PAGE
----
Przyslala Basia Jaworski


It’s not as if a big bag of Polish singers has been emptied above the world’s opera houses, but sometimes it seems like it. More and more Polish names are appearing on the world’s biggest stages. One of them, Andrzej Dobber, has now released his first (and perhaps last) solo CD.

There have always been many high-quality Polish performers in opera. Just think of the Reszke brothers, Rosa Raisa or Jan Kiepura. The dictatorship of the proletariat and the Iron Curtain after the Second World War, however, made it difficult (if not impossible) for them to perform and record outside the country’s borders. Only a few (Teresa Żylis-Gara, Teresa Kubiak, Wiesław Ochman, Barnard Ładysz) managed to make it abroad as well. Most, however, remained unknown.

Times change. Without difficulty, we can now list the names of Ewa Podleś, Piotr Beczała, Mariusz Kwiecień, Tomasz Konieczny, Artur Rucinski, Agnes Zwierko and Aleksandra Kurzak. And in addition to these international stars, one might almost forget that there are many other great Polish singers. Andrzej Dobber for example, is one of the most popular Verdi baritones of the moment and a welcome guest in Amsterdam.

Why is Dobber less of a star than his more famous compatriots? Maybe he is not being promoted enough or the record companies don’t market him well enough. What may also play a role is that he does not come across as a charismatic ‘teddy bear’ nor does the term ‘barihunk’ apply to Dobber.

But what Dobber does have is a very solid and reliable lyrical-dramatic voice, with a warm timbre with “squillo” and carefully dosed emotional outbursts. That is no small thing, especially when you add his above average acting ability.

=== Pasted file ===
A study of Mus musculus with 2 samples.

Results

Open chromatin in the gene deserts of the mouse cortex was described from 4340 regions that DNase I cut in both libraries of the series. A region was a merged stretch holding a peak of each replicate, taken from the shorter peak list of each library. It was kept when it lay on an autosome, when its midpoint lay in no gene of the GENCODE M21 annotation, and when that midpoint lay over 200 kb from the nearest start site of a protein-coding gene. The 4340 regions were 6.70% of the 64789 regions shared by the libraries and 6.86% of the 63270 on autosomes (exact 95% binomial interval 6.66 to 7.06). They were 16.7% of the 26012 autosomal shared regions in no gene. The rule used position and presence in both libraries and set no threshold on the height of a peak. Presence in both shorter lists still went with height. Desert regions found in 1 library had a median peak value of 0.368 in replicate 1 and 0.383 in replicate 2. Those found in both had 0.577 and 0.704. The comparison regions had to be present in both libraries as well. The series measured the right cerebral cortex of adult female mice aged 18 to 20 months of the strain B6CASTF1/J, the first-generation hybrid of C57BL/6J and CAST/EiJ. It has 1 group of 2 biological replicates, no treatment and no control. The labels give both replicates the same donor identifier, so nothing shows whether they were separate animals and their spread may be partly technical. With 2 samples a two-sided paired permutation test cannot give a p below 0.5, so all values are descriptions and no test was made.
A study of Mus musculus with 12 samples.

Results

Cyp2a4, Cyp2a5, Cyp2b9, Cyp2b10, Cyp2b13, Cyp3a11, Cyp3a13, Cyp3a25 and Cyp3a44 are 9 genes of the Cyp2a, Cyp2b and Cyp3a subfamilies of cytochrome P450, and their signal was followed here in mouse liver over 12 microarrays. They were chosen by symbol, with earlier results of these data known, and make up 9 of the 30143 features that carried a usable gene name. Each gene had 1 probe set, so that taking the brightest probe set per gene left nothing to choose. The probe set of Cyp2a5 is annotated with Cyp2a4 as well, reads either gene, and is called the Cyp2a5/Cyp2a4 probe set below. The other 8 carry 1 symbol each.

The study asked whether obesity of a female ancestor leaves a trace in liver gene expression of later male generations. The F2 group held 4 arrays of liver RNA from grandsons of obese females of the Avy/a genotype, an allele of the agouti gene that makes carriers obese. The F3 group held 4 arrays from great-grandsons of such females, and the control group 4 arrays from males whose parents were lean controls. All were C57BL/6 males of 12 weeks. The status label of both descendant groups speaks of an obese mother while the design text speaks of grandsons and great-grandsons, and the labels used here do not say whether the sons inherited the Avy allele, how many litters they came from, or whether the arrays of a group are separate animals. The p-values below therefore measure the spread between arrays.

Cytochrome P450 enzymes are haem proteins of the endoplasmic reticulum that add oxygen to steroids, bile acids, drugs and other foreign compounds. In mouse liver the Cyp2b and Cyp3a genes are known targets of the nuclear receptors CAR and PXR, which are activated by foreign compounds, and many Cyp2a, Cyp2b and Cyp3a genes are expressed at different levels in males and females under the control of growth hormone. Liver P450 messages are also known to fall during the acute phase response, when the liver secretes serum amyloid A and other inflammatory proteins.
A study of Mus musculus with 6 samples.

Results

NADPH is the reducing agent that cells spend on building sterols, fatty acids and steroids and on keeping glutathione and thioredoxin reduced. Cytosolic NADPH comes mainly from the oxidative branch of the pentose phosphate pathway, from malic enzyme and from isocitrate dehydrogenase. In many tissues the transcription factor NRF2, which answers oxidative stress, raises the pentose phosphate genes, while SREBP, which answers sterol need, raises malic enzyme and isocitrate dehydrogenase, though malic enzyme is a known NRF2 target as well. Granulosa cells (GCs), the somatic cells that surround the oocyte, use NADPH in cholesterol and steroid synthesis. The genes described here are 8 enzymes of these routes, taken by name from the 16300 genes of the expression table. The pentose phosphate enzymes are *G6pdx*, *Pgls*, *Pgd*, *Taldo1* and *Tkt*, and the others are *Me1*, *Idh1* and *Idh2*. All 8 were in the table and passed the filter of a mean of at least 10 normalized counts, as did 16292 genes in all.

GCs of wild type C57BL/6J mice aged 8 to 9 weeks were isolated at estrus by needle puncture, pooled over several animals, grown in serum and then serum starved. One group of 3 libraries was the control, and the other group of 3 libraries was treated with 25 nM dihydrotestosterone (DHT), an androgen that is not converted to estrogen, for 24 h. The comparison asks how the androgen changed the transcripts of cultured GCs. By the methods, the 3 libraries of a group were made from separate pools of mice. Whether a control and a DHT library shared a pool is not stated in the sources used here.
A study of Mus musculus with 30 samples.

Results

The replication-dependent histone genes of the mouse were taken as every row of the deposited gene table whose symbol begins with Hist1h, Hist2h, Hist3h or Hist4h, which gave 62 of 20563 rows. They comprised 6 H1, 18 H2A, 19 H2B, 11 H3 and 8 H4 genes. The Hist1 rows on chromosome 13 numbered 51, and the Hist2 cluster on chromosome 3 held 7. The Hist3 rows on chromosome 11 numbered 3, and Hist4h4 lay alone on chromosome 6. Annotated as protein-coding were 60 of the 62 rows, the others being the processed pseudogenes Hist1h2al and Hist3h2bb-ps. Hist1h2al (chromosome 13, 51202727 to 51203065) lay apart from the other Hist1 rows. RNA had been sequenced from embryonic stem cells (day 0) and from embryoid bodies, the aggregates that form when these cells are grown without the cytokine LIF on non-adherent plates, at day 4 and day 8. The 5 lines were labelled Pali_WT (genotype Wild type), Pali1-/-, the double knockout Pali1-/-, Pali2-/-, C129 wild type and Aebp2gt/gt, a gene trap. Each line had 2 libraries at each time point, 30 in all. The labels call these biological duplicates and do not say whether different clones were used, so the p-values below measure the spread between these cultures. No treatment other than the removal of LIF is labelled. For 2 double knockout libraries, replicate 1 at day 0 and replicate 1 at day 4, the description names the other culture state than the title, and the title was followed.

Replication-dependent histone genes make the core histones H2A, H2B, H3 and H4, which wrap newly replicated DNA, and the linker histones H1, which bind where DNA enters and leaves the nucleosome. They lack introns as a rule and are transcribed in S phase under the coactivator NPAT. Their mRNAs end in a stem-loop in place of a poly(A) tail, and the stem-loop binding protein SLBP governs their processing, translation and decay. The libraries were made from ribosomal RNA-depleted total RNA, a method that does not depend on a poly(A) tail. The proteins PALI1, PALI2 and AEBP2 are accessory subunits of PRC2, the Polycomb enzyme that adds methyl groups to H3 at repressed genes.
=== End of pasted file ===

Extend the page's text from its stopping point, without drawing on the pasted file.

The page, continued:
A few years ago, the Polish label DUX released Dobber’s very first solo CD, with no less than 10 different arias. The result is good, but it could have been better.

Dobber’s messa di voce is certainly admirable and his legato arches just couldn’t be prettier. The way he knows how to connect all the notes together is simply exemplary, so it is very pleasant to listen to him. But, is it just me, or does his voice often seem a bit tired? I find his Posa (Don Carlo) a bit flat and uninspired. All the notes are there, certainly, but I miss the nuance and certainly the drama and sometimes his accentuation in ‘Di provenza il mar’ (La Traviata) frankly sounds weird to me.

It may also be the fault of conductor Antoni Wit. His tempi are sometimes exasperatingly slow, literally pulling the music apart. Very unfortunate, because many of Dobber’s interpretations are certainly there. His ‘Cortigiani, vil razza dannata’ from Rigoletto, for instance, is touchingly beautiful despite the fact that Wit is entirely adrift causing Dobber to run out of breath. It is no wonder that Dobber is considered one of the greatest Rigoletto interpreters!

Place de l’Opera once wrote about his Antoni in Berlin:

Rigoletto is Andrzej Dobber’s role. He must be famous, because he is so good. His ‘Pari siamo’ was super and his ‘Cortigiani’ astonishing, and in the closing scenes he managed to win me over completely. A great performance”.

Andrzej Dobber, Olesya Golovneva and Bastiaan Everink (Monterone) in ‘Sì, vendetta, tremtremenda vendetta’ from Rigoletto from Deutsche Oper in Berlin.